In April, we had the honour to welcome Dr Naomi Winstone to our TILE meeting. I consider her as a guru in Assessment and Feedback in Higher Education. She has a vast amount of knowledge and expertise – and, more importantly – she is a brilliant speaker and science communicator. In her talk, Naomi touched on several psychological aspects when it comes to effective feedback and assessment. She highlighted that indeed there is a general lack of student engagement with feedback that is provided to them. However, instead of simply concluding that this lack of feedback uptake is due to students being lazy or not caring, she urges academic teaching staff not to jump to this conclusion. Rather, it is important to dissect the process of receiving feedback on a psychological level. But, what does that mean?
Naomi turned the tables and asked us: How do you feel about being judged on your work? Turns out, people, in most cases, feel nervous and anxious about situations where their work is being judged by other people. While constructive feedback is important, it can hurt us, even if it is well intended. Naomi – who has published many academic papers in her life – explains that she still feels sad and hurt when she receives criticism on her manuscript. Even though she knows that the feedback is well-meant and will probably enhance the quality of her manuscript. The first response to criticism is usually a negative one that needs to be overcome. From own experience, I know how it feels: A situation that creeps up at the end of each semester is the release of student evaluation of teaching. I know that there will always be a few critical comments – no matter how hard you try – and even though I have been teaching for over 10 years now, it always throws me off balance. Thus, it is understandable that students who receive feedback on various assignments a year, may occasionally skip engagement with the feedback.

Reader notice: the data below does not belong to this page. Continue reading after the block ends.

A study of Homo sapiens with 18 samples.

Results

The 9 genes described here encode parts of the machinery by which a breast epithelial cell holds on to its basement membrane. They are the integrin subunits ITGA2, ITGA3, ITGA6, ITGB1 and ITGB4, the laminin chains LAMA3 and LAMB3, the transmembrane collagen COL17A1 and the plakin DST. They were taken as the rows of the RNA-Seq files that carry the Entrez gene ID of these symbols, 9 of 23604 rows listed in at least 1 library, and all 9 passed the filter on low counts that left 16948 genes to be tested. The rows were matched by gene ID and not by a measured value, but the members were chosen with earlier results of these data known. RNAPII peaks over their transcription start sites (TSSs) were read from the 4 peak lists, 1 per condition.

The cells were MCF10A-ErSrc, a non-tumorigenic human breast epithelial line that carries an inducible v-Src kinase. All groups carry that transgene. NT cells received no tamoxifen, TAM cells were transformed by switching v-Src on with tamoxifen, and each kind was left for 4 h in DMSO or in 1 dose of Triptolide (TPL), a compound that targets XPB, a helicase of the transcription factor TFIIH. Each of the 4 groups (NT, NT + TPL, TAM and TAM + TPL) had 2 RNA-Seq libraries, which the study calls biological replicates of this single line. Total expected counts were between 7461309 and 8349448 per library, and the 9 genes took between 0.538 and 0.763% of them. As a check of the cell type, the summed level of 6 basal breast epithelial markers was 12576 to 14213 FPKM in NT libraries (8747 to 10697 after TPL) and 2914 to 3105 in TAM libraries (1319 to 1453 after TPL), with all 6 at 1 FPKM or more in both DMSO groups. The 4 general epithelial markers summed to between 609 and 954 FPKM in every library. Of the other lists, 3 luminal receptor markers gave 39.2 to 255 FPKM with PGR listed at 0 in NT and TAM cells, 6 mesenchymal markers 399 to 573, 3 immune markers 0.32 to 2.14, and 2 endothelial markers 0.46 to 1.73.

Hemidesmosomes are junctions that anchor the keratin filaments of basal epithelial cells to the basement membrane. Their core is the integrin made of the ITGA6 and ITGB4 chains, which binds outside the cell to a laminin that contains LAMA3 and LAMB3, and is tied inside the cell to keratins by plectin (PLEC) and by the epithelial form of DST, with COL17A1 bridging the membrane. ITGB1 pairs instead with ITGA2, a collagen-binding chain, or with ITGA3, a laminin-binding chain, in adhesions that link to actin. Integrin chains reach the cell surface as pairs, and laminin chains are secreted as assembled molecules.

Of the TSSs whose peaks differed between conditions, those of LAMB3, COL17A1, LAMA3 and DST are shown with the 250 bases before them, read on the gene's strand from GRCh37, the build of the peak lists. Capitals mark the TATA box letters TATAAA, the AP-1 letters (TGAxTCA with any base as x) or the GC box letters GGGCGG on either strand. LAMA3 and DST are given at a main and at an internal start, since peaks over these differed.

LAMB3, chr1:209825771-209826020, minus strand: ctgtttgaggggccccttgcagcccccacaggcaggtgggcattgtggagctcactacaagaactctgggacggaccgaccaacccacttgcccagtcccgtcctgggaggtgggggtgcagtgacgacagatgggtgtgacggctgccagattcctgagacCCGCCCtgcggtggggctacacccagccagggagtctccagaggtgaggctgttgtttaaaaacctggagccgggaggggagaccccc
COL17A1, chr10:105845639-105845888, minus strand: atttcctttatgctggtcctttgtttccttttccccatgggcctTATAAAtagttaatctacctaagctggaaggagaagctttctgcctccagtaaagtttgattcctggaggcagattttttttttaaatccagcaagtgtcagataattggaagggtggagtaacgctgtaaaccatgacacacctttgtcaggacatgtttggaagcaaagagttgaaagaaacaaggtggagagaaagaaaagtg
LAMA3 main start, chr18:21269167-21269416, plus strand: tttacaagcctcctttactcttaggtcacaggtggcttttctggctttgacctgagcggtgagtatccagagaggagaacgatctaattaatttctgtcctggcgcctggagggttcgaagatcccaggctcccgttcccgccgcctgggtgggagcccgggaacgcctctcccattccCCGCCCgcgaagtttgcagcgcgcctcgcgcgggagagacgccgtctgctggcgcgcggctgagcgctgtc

Furthermore, Naomi highlighted, that when students decide to engage with feedback, they may not understand how to act upon the feedback provided: The feedback given for a specific assignment can in many cases not be used to improve the same assignment. Plus, how does feedback provided on a specific assignment inform future assignments? For these reasons, Naomi suggests that a culture change in Higher Education should take place where the student is not seen simply as the passive recipient of feedback, but rather an active agent in the feedback process. Naomi presented different ways on how this could be accomplished in Higher Education – but, I think these can be applied to secondary education as well. In the figure below, she outlined four ways that integrate formative feedback into the process of assessment and takes the student into the responsibility to take action.
What I like about these approaches is that it fosters self-regulated learning in the student by changing the nature of the assessment. This leads to better assessment, but also to better feedback uptake and engagement with the entire learning journey. Of course, these changes take time, but if lecturers and teachers tackle this one assignment at a time, it will slowly change the perspective academic staff and students have on assessment and feedback – namely, acknowledging that effective feedback and learning is a two-way rather than a one-way street.
Here are additional resources of the talk for you:
Please feel free to comment below if you have additional thoughts!